Genre/Influences: Dark-wave, ethereal-gothic, goth-pop.
Background/Info: Hailing from Israel, but based in The Netherlands this is the first new studio album since “Third Wish” (2006) for Sophya. Set up in the late 90s by Sonja Rozenblum and Idan Karutchi, Sophya became a recognized and established formation at the wider fields of dark-wave and gothic music.
Content: “Broken Mirrors” takes off with a surprising minimal-electro piece, which is less representative for the rest of the album. I however have to mention there are a few more electronic passages, which sounds pretty vintage-like and even joined by robotic vocals. But the sound is rapidly evolving towards the more familiar dark-wave format on, which electronics and guitar plus bass are in perfect harmony with each other. The sweet melancholia reminds me once more to Cocteau Twins while other guitar parts might remind you of The Cure. The male- and female vocals are mainly alternating from song to song.
Notice by the way a few guest musicians have been invited to achieve this album.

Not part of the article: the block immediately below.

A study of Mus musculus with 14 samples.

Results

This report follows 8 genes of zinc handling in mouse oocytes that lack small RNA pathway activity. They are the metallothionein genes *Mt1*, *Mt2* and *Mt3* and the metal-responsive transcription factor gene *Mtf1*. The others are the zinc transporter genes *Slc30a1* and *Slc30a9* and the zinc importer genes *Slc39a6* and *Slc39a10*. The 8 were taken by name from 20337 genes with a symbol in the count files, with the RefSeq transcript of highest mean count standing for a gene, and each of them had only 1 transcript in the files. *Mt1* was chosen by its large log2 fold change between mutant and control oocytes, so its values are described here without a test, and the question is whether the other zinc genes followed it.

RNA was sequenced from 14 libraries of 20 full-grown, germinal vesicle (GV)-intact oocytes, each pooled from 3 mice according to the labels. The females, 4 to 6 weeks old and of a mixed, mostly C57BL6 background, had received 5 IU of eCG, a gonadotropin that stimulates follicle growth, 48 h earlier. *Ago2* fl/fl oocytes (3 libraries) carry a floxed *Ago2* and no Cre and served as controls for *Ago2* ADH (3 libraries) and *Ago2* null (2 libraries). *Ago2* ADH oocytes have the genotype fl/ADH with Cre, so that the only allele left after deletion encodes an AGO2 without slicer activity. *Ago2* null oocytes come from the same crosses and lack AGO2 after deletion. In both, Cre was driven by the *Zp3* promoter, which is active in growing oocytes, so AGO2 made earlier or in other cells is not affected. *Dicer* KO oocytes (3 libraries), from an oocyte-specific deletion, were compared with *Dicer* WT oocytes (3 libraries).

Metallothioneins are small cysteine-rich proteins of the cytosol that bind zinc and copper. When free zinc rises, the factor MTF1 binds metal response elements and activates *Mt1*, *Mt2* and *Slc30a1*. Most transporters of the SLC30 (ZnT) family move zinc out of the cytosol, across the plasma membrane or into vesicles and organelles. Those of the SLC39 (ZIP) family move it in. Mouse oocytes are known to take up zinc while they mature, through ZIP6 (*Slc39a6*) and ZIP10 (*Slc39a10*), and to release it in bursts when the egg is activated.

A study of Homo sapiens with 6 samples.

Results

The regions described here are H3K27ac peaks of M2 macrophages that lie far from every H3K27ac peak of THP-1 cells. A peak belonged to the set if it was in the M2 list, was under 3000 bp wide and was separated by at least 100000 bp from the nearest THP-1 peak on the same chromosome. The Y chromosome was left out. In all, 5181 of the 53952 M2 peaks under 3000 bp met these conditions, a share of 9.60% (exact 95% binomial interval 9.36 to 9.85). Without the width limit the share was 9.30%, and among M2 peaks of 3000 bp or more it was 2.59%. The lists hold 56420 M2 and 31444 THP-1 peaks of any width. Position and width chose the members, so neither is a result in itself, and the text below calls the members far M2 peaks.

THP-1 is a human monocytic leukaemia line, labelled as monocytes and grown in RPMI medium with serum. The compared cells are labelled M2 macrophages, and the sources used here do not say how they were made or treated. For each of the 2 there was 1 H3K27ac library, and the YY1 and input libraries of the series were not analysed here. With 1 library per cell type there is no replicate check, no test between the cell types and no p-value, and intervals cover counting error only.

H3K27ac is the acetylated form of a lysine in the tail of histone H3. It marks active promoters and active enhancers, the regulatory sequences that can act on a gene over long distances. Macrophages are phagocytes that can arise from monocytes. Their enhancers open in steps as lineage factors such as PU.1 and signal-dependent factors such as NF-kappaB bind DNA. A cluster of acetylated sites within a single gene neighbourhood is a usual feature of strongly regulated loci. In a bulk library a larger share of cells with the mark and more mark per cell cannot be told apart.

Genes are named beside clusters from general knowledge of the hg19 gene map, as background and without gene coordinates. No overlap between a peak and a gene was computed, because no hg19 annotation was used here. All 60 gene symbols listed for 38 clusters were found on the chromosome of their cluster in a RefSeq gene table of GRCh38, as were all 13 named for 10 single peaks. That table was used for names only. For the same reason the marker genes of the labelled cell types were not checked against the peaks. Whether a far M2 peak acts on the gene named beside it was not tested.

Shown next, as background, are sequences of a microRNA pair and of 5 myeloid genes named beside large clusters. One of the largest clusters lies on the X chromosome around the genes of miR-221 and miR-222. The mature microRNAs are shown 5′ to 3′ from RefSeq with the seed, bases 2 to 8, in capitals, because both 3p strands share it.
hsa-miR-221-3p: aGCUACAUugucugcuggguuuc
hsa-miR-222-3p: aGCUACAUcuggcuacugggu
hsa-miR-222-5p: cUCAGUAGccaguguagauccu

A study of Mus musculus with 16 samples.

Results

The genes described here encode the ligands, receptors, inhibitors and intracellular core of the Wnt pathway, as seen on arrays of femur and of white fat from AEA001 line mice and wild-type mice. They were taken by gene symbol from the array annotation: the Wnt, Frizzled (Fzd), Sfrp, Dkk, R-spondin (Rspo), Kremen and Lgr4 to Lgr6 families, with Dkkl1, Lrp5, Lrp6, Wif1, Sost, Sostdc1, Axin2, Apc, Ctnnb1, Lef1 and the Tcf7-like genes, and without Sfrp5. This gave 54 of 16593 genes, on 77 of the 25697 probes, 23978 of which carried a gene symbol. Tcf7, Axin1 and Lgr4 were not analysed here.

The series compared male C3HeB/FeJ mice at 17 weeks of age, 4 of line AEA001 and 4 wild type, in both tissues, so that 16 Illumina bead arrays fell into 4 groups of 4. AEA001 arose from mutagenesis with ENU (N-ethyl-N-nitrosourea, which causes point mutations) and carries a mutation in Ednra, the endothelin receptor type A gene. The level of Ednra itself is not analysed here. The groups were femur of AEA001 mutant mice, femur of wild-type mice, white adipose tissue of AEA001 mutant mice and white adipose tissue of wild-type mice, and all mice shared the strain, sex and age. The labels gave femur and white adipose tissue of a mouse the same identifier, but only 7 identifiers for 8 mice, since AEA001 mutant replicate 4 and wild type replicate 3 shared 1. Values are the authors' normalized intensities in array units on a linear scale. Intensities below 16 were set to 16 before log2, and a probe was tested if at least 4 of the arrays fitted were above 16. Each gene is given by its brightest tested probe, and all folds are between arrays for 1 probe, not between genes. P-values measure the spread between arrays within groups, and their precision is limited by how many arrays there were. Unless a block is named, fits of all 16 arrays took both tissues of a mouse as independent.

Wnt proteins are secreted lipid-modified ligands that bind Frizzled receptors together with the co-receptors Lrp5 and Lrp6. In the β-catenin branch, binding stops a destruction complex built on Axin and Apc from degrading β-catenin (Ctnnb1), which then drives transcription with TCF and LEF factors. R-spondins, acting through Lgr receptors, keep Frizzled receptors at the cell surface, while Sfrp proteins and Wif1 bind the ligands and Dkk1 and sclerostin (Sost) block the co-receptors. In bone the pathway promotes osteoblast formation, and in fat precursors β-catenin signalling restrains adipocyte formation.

+ + + : “Broken Mirrors” doesn’t feature the magic from the early days, but I can assure you it’s a noticeable ‘return’ for Sophya. The duo delivers an accomplished piece of music, which takes me by surprise for its electronic minimalism (cf. “The New One”, “Machine”) while confirming the evasive and melancholic dark-wave style (cf. “Technicolor”, “Soul Stealer”, “Open Eyes (Digging Souls)”. Sophya brings good-old 80s souvenirs alive while this band always has had something apart from other bands. The guitar play reminds an important and great part of the work while Sonja Rozenblum still has this melancholic way of singing.
– – – : “Broken Mirrors” is a noticeable return and according to me a fully enjoyable album, but as I said the magic is a bit gone. Sophya can’t take me by surprise as they did in the past.
Conclusion: “Broken Mirrors” is an appropriate title for an album filled with melancholia. A mirror is a fascinating and symbolic object in many cultures, but a broken mirror has something baleful… but maybe not for gothic bands!
Best songs: “Machine”, “Technicolor”, “Open Eyes (Digging Souls)”, “The New One”.